When standardized personality tests are administered to lawyers, the results tend to be quite different from those that arise in the general public. The popular Myers-Briggs Type Indicator® (MBTI) for example, sorts individuals into 16 personality “types”; but practicing lawyers overwhelmingly cluster into only five of them. One of these types (labeled INTJ) reportedly occurs five times more frequently in attorneys than in the population at large.
A related test—this one billed as “the most widely used personality instrument in the world”—is The Keirsey Temperament Sorter®-II (KTS®-II). Developed by Dr. David M. Keirsey, it sorts people according to preferences in how they communicate and how they act.
Both the MBTI® and the KTS®-II tests are widely administered in the legal community— and they generally confirm what you already knew. Lawyers’ personalities are different from those in other professions, and from those in the general public. We have applied some of these tests’ findings to our own categories, shown below.
Common Lawyer Personality “Types”
Let’s begin with this caveat: The five lawyer “types” listed below are simply approximations—designed to provide a framework for considering personality information on complex individuals. Needless to say, the list is not intended to be comprehensive or exclusive; it’s only a snapshot of five personality types commonly found in the legal community. As you read these descriptions, however, think about your legal colleagues and friends: Recognize anyone here?
Not surprisingly, a successful legal salesperson is a “people person”—an extravert who thrives on the give-and-take of social interaction. Rainmakers are empathetic, interpersonally adept, and skilled in the persuasive arts. They build (and maintain) trust—and their confident, assertive nature makes it easy for them to “ask for the order”. Rainmakers also are known for goal-orientation and resilient egos. So if their sales pitch is turned down, they pick themselves up and try again.
This personality type might be found in a public interest law firm, a nonprofit, a government regulatory body, or any place where there’s a commitment to serving a greater good. Core values for these lawyers include unity, morality, ethics, authenticity, and social justice. Although social scientists have observed a shift towards external rewards (money, power, prestige, etc.) that occurs in most law school students, members of “The Advocate” group retain their loyalty to internal values. Advocates are well- aligned with what Dr. David Keirsey called the “Idealist” temperament—typified by the search for meaning and significance in one’s work.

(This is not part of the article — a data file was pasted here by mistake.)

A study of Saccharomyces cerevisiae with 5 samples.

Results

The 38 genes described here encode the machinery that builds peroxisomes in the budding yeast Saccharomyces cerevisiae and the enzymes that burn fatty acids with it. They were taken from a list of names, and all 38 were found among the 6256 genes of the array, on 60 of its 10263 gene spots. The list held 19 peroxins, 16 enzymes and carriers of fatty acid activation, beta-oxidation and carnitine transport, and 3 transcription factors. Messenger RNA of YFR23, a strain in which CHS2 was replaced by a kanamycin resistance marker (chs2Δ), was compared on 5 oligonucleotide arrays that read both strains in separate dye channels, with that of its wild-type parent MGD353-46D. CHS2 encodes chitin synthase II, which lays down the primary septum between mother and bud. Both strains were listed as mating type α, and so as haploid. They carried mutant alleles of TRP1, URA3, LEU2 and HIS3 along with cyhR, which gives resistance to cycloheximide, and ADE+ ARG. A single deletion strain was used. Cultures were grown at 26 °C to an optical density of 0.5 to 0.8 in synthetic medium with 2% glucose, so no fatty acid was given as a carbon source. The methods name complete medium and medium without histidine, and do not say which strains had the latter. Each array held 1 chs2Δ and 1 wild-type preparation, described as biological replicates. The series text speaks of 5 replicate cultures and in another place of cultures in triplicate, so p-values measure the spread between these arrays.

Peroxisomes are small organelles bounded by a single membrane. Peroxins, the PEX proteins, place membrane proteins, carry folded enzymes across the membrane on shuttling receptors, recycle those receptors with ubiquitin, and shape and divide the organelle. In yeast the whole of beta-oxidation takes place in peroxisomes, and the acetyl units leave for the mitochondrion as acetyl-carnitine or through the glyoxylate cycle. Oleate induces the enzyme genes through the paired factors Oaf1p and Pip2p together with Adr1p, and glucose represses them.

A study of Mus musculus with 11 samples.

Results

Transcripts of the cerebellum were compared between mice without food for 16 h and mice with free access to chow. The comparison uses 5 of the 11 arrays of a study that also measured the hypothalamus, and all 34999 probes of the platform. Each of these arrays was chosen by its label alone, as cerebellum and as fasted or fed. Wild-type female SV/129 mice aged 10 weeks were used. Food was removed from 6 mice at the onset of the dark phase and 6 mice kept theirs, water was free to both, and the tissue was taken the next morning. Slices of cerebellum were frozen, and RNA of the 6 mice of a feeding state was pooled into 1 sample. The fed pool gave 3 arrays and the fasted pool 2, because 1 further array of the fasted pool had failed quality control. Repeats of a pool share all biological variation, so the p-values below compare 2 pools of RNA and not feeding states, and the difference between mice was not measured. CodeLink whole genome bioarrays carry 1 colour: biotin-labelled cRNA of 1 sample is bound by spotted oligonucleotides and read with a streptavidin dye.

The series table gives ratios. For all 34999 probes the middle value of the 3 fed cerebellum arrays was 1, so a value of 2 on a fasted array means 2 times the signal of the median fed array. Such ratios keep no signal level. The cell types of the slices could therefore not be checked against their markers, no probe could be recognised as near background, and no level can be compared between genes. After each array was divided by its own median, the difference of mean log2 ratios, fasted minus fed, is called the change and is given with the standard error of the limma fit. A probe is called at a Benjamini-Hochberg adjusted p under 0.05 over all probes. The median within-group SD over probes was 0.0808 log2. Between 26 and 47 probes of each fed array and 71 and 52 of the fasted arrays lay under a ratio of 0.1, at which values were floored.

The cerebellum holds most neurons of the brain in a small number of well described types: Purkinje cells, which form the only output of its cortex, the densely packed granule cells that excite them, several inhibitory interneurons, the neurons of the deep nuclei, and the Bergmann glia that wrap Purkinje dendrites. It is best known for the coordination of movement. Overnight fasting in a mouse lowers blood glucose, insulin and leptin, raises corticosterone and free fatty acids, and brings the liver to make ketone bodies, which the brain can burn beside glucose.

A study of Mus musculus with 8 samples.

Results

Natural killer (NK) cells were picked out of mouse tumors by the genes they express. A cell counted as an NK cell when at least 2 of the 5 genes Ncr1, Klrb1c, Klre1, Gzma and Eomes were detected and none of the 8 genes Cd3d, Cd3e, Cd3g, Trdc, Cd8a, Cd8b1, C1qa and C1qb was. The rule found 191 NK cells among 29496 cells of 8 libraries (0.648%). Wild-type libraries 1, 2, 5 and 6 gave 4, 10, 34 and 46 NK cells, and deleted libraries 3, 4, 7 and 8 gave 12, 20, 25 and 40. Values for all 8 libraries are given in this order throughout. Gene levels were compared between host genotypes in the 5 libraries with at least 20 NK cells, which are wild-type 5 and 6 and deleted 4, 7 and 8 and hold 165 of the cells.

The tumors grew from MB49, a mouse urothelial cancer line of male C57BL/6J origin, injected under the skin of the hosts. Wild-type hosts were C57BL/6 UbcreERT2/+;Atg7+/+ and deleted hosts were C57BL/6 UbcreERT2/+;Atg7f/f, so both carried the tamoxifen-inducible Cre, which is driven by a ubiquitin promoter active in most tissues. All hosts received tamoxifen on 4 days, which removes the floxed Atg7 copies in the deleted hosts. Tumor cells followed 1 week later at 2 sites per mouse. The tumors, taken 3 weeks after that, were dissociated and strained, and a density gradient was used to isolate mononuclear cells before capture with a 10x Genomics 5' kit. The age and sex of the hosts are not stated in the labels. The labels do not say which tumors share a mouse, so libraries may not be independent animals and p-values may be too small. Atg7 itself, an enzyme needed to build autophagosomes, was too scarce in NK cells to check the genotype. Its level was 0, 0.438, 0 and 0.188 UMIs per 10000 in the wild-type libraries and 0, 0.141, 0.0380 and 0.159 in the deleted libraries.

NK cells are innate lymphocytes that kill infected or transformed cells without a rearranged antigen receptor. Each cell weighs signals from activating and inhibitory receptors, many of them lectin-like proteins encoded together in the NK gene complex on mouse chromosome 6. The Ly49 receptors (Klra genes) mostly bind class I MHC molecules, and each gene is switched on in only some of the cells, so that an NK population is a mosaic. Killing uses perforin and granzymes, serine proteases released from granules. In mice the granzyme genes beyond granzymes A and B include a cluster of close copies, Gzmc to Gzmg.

Through a self-selection process that begins long before law school, individuals pursuing legal careers become increasingly more competitive and results-oriented than members of the general public. Those lawyers who pursue the sub-specialty of litigation, however, take these competitive traits to a new level. What’s more, these amped-up attorneys are overwhelmingly characterized by what Keirsey called the “Rational” temperament”—valuing logic, expertise, rationality, concept mastery, and precision in the use of language.
The Corporate Lawyer
Practicing law in a corporation (or other large organization) requires capabilities that go beyond technical expertise alone. In these arenas, the so-called “soft” skills become core competencies for success. Trustworthiness, listening skills, emotional awareness, diplomacy, and other human relations capabilities are the coin of the realm for successful corporate lawyers. (Again, excellent judgment and management skills are taken as a given for these positions.) In Kiersey’s terms, corporate lawyers might well fall into the “Guardian” temperament—a personality type that values order, stability, group membership, and rules.
Last, let’s consider as a group the many hard-working, technically competent lawyers who reliably keep our legal processes functioning every day. In recognition of David Kinsey’s temperament description, we call this lawyer “The Inspector”. For these personalities, Keirsey chose the adjective superdependable—and thankfully, the legal profession includes many conscientious members who exhibit these traits. “Inspectors” value their inclusion as respected members of a community; even so, they may not aspire to positional leadership or the visibility that accompanies such roles. (Avoiding the limelight, the contributions of these reliable professionals easily can be overlooked. If you know one—and you most likely do—make a point of recognizing their steady contributions.)
Also worth noting: In MBTI ® terminology, this “Inspector” personality type (ISTJ) reportedly constitutes the single greatest concentration of lawyers in any one of MBTI’s sixteen personality types.
What’s Your Legal Personality Type?
Interested in the Kiersey Temperament Sorter?® You can take that free test here. For a fee, there are many sites that will allow you to determine your MBTI ® type. Meyers-Briggs ® also allows one to send its test as a gift. (You might also consider the “Big Five” personality test, which enjoys wide popularity. Both free and paid versions are available at this Psychology Today web page.)
Those who find personality tests most useful often recommend repeating them over a period of time—as tracking the ongoing results can reflect subtle (but meaningful) shifts. So here’s a thought: Why not make these tests part of your ongoing New Year’s review?